A World Apart

Issue 263

Julia Thomas Apr 23, 2021

Since Dec. 14, 2020, over 127 million people across the United States have received at least one dose of a COVID-19 vaccine, according to the Centers for Disease Control and Prevention, and the rollout continues to reach more eligible groups nationwide. The country is on pace to meet President Joe Biden’s doubled goal of 200 million administered doses by April 28, his 100th day in office, with some experts predicting all U.S. residents could get a shot in 2021.

This high level of vaccine access, however, is a reality only in wealthy countries. The vast majority of the world’s people are experiencing vaccine apartheid, due to pharmaceutical monopolies on COVID-19 vaccines that lay bare the value placed on corporate profit over ending the pandemic on a global scale and providing lifesaving, essential care for those who are most vulnerable.

The artificial scarcity of COVID-19 vaccines is created by Big Pharma and its licensing agreements, which heavily restrict the global production and consequent distribution of vaccines to poor countries. Take the Oxford AstraZeneca vaccine, which is currently being produced by the Serum Institute in India and was originally intended for 92 low-income countries that are home to 4 billion people — half the global population. Amid a surge in its own COVID-19 cases this spring, India has hoarded the vaccines for its domestic population, keeping significantly more than its fair share of 35% of the doses.

In the midst of the stall in shipments, AstraZeneca has exported millions of doses to wealthy countries that are not included in the 92 intended recipients, such as the United Kingdom. These countries, prior to their purchase of AstraZeneca vaccines from India, were among the first to oppose requests to the World Trade Organization for patent waivers to expand vaccine production globally.

“That the UK, which has vaccinated nearly 50% of its adults with at least one dose, should demand vaccines from India, which has only vaccinated 3% of its people so far, is immoral,” writes Achal Prabhala, a coordinator of the AccessIBSA Project, which campaigns for equal vaccine access, in The Guardian. “That the UK has already received several million doses from India, alongside other rich countries such as Saudi Arabia and Canada, is a travesty.”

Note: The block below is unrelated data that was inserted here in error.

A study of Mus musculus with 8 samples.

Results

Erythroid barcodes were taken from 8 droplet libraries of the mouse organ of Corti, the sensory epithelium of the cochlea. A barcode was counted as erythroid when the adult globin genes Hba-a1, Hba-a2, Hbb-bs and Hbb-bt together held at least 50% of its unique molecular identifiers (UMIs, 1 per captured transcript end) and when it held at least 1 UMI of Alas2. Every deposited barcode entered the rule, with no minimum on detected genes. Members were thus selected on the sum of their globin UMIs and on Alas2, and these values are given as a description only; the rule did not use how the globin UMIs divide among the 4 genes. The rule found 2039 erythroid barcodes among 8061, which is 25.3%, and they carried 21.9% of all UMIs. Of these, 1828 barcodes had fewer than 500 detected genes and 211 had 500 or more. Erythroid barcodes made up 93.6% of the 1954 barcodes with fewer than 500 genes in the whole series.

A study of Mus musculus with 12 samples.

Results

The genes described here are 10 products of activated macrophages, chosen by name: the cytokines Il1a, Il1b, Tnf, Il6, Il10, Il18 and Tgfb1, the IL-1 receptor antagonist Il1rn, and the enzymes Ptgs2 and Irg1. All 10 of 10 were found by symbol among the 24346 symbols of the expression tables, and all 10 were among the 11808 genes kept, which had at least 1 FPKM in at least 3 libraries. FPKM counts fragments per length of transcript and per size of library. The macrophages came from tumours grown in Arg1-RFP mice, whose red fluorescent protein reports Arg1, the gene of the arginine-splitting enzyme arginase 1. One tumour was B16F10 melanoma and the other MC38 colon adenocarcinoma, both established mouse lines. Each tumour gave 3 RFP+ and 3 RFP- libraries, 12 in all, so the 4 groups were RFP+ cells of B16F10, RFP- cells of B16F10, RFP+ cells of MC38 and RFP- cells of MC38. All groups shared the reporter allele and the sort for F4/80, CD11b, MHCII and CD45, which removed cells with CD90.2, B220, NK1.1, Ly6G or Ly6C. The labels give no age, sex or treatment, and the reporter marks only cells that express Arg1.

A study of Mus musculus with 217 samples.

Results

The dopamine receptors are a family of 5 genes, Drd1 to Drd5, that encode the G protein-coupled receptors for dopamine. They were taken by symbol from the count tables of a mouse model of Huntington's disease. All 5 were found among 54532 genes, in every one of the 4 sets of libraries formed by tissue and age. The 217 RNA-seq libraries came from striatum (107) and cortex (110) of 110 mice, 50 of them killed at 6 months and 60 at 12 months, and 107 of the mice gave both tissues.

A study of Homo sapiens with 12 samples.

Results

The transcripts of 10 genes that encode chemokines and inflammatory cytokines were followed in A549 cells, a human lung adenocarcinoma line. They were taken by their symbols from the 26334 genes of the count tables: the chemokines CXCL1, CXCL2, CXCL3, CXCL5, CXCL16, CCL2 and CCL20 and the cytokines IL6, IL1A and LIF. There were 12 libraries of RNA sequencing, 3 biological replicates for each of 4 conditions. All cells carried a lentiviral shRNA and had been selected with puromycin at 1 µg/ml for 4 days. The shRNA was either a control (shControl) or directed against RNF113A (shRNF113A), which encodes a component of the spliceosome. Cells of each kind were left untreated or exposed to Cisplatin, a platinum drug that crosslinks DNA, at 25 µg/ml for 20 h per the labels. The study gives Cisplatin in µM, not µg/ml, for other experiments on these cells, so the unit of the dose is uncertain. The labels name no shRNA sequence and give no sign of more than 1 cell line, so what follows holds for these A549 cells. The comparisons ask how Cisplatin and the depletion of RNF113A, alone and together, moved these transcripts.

Vaccine apartheid is exacerbating the disproportionate impacts of COVID-19 in low- income countries and prolonging risk of exposure for billions of people, as well as further spread of highly infectious variants. A third of the world’s countries have had no public money to deal with the effects of COVID-19, according to an Oxfam report, and the Americas, the world’s hardest-hit region, have seen an acute rise in gender-based violence and deadly attacks on people defending land, water and human rights. China and Russia are practicing vaccine diplomacy by selling or donating vaccines to dozens of low-income countries in Africa, Asia and South America, while Cuba, known for its commitment to universal healthcare and international medical solidarity, is nearing the end of two stage-three clinical trials for its own COVID-19 vaccines. These are examples of pushback against the crippling monopoly on vaccine production: but in order to truly end the spread of COVID-19 and ensure equitable recovery from the devastation of the pandemic, patent monopolies must be waived, as many medical experts and progressive organizations continue to demand.

One hundred and seventy-five former heads of state and Nobel laureates have signed an open letter demanding President Biden waive intellectual property rules for COVID-19 vaccines. A waiver would end monopoly-hindered supply shortages and expand manufacturing capacities, and prioritize the health of people everywhere. Without it, 9 in 10 people in poor countries could go without a vaccine in 2021; and by not vaccinating people globally, the whole world will continue to suffer due to the ongoing spread of COVID-19.

“If this last year has taught us anything, it is that threats to public health are global, and that strategic government investment, action, global cooperation, and solidarity are vital,” the letter reads. “The market cannot adequately meet these challenges, and neither can narrow nationalism.”